The British public school is built around the house system. The house is where you work, sleep, do games, generally pass the time and oppress those younger than you, usually under the expert tuition of the prefects – who better?
Our eight houses were called A, B, C (do I need to go on?) and each consisted of; a dayroom, two dormitories, a washroom, bootroom and masters’ and house matron’s accommodation.
The dayroom is the hub of the house, furnished with long tables and chairs for compulsory silent house activities such as prep, reading and letter writing and if you were lucky (which in F House we were not) some amenities such as table tennis or billiards. In addition every boy was allocated a small locker to store school books plus any meagre personal possessions that were allowed.
Each house was “home” to 40 boys and was ruled over by the Housemaster, a key figure who set the ethos, laid down the house rules and managed the prefects, the first-line enforcers. In F House the incumbent was Mr Breckons, aka “Bertie”, a nickname he personally adopted with relish: perhaps he enjoyed the ironic contrast between the Wooster-ish jolliness of “Bertie” and his own morbidly dark personality. Maybe not, I doubt if irony was his thing.
When I say he was a fat, vicious bastard I speak dispassionately and, I think, objectively. Rumour had it that his grotesque size was the consequence of a broken leg that had left him with a permanent limp and cut short a promising career as an athlete. This had, so it was said, left him an embittered man. I can attest for the last bit anyway.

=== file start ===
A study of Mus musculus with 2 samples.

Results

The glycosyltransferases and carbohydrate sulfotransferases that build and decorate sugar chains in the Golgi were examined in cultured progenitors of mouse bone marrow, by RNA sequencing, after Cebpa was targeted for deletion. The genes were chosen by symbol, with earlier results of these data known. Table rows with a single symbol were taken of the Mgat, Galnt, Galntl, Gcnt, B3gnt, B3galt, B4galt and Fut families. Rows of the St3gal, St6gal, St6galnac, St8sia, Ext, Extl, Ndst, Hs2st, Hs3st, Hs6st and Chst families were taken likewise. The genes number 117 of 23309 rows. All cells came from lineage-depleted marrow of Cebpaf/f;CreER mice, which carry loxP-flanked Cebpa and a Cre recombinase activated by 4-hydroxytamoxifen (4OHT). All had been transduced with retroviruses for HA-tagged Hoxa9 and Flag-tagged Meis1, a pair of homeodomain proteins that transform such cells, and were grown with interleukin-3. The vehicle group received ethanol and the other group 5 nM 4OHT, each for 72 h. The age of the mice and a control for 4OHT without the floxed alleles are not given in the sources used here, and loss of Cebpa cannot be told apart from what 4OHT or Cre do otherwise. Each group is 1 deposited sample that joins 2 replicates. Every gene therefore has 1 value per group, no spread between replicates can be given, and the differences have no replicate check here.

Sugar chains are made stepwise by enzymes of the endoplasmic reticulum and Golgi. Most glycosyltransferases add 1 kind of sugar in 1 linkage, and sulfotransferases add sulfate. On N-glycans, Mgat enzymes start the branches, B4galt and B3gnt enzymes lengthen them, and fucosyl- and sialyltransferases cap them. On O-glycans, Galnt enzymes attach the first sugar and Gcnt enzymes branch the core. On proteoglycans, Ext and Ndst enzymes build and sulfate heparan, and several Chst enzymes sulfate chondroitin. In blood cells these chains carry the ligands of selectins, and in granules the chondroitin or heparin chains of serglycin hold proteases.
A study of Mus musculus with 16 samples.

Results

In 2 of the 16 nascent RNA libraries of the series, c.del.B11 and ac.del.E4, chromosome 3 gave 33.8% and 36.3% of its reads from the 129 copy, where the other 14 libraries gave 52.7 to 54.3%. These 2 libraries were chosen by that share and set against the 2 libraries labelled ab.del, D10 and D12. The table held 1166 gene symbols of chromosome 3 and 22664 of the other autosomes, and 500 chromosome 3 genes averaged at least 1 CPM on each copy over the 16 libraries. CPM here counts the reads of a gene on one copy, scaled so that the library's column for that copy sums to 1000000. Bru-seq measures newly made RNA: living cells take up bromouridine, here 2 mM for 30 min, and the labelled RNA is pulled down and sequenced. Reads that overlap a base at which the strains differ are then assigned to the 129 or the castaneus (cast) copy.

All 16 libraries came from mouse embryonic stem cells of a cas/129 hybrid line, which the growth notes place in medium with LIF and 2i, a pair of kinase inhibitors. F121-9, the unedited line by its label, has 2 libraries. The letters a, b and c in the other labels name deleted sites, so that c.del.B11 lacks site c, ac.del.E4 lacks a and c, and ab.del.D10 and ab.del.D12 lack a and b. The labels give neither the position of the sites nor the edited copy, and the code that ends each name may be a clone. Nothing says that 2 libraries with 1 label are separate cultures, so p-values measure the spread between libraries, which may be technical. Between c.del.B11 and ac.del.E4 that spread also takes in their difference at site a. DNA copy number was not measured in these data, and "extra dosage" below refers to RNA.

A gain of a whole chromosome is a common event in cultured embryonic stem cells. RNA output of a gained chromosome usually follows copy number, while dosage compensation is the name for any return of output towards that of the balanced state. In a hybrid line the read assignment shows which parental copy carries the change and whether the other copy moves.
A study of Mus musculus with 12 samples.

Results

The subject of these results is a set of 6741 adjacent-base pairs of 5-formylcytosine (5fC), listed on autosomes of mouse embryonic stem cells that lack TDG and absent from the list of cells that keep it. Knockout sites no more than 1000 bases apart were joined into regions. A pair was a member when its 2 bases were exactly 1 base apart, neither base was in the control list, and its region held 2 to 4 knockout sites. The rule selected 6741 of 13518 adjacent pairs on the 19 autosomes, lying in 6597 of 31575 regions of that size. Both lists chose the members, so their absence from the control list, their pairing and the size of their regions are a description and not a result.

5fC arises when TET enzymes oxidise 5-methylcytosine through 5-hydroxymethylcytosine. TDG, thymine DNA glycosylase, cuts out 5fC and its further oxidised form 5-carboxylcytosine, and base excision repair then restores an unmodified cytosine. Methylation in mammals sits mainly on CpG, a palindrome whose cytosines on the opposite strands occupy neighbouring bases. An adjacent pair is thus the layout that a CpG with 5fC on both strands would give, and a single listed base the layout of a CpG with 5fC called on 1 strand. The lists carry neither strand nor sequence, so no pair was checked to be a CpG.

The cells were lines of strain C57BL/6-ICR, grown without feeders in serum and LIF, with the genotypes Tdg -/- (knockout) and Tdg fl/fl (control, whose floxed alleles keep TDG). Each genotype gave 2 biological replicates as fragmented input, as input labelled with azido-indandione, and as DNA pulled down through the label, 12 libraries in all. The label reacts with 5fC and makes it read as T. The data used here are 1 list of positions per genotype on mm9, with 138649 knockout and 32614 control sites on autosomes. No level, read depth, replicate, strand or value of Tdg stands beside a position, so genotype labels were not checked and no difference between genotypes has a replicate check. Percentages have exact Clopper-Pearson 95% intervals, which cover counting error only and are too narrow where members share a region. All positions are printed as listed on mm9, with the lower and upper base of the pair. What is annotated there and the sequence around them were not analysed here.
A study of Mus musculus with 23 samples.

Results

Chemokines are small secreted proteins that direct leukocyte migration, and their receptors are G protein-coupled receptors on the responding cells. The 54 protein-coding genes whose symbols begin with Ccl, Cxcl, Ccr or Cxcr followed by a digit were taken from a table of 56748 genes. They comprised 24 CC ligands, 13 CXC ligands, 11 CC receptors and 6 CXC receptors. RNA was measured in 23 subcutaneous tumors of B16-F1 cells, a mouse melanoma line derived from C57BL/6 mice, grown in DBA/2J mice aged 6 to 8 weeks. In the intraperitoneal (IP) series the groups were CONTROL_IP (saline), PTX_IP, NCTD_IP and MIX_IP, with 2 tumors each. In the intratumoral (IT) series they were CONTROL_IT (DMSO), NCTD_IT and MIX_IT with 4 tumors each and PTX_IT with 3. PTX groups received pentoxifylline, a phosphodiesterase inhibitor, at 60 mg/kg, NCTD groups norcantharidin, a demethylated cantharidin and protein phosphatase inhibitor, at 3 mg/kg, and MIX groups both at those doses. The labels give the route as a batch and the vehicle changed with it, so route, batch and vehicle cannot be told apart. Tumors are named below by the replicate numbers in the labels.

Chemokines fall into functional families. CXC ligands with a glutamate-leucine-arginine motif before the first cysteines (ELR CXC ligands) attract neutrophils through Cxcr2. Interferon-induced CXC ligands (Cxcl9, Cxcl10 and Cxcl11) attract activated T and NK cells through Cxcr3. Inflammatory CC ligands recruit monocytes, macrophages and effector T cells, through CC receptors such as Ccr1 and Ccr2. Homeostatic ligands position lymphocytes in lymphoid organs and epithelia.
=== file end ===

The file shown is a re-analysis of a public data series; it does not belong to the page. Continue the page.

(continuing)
My two abiding memories are, firstly, of him blocking the way to the house from the cloisters as we returned in a line from dinners. He would wave us all on to the outdoor toilet blocks at the end with the words “Long visit! Long visit!” I guess he felt this fully discharged him of his duty of “in loco parentis”.
The other was the“Bertie tortures™” – his own term for a range of non-formal physical punishments. These were deployed for a range of minor offences and particularly for mistakes during Maths, which he taught (I take some liberties with the term here). At one end of the scale (the “merely humiliating and unpleasant” end) was the “Bertie Scrub”, a scrub up the back of the closely barbered neck with a clenched fist, through the middle of the range sanctions such as the “Bertie Flick”, (against the side of the nose), the “Bertie Tweek” (the ear) up to, at the top of the range, the full “Bertie Punch”.
I only remember receiving one of these and that was during one of my first Maths lessons when I was standing at his desk as he corrected an exercise. Suddenly an oath and then, in short order, a punch landed in the small of the back that sent me flying, leaving me winded and smarting.
Fortunately he retired or died (no I really can’t remember) within two years and a new Housemaster took over, who not only introduced a table tennis table, a billiards table and even, eventually, television but also had many, if not all, of the characteristics of a fully signed up member of the human race.
But before that we shall revisit Bertie Breckons’ F House once more in my next posting to learn about letters home and the consequences of not writing “a proper one”.